KSAs could be kaput by April
OPM chief says plan to eliminate controversial essays from federal hiring process is on the fast track.
The much-maligned essays on federal job applications known as knowledge, skills and abilities statements could be eliminated from the hiring process by April, Office of Personnel Management Director John Berry said on Tuesday.
Berry said he expects to send President Obama a plan next week outlining immediate hiring reforms, including shifting from KSAs on government applications to a resume-based system. Obama could sign an executive order implementing the changes as early as April, the OPM chief said during the Federal Managers Association's annual convention in Arlington, Va.
"We'll get the federal system off of its island of KSAs, and onto the resume base that the rest of the country is on," Berry said. Federal job applicants long have complained that KSAs are cumbersome and inflexible.
During his speech on Tuesday, Berry outlined several hiring and performance management reforms, some of which will be unveiled soon, including another proposal that would allow hiring managers across government to consider rejected job applicants from other departments and agencies. Creating a centralized pool from which managers could cull would require a legislative change.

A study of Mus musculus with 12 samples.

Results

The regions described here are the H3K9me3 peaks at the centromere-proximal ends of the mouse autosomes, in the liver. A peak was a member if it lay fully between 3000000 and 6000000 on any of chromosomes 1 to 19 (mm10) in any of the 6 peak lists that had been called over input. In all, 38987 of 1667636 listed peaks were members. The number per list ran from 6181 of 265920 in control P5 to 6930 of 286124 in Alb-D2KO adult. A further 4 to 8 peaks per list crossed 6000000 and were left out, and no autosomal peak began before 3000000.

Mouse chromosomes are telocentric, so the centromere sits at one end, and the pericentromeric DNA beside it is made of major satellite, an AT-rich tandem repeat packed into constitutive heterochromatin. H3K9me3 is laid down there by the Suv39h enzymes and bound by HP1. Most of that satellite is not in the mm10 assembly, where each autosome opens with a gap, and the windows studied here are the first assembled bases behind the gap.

"This is pretty common-sense stuff," Berry said. "It kind of boggles my mind that it hasn't been done 50 years before. We're going to get it done." OPM also will be pushing for legislation to eliminate the so-called rule of three in which agencies select hires from among the three top candidates for a position.
In addition, Berry outlined some general ideas for reforming federal personnel and performance rating systems across government. He said the core of his approach is to view government from a "results-only" perspective, or judging employees based on how well they achieve results, rather than how well they follow procedure.
"Really, the nut of it is, if we can define results that flow from your strategic plan all the way down to employee performance -- what are the results and outcomes, rather than the processes and inputs -- it will be a dramatic shift," Berry said.
One crucial element of that dramatic shift would be empowering supervisors to be more aggressive about dealing with unproductive employees, Berry said. While he said he did not have specific proposals yet, Berry discussed the idea of giving supervisors the ability to take away cost-of-living increases or other pay raises for subpar workers until they improve their conduct. The OPM chief also suggested establishing three-member panels of Senior Executive Service officials to review and act on suggested terminations, so the employee's supervisor isn't accountable for the final decision.
"I want to make it easier to get rid of dead wood," Berry said. "We all know that we have black holes in our agencies that suck down on energy."
Berry also is looking into reforming the system used to evaluate personnel performance. He echoed a remark made last week by Office of Management and Budget's Chief Performance Officer Jeffrey Zients that too many employees receive top rankings, thus diminishing the evaluation system. Berry joked the federal government was too much like Lake Wobegon from the famous radio show "A Prairie Home Companion," where "all the children are above average." Berry said one option could be limiting the number of employees within a department who receive exceptional ratings.
Clarification: The rule of three requires managers to select hires from among the top three candidates; it does not pertain to actual interviews with applicants, as indicated in an earlier version of this story.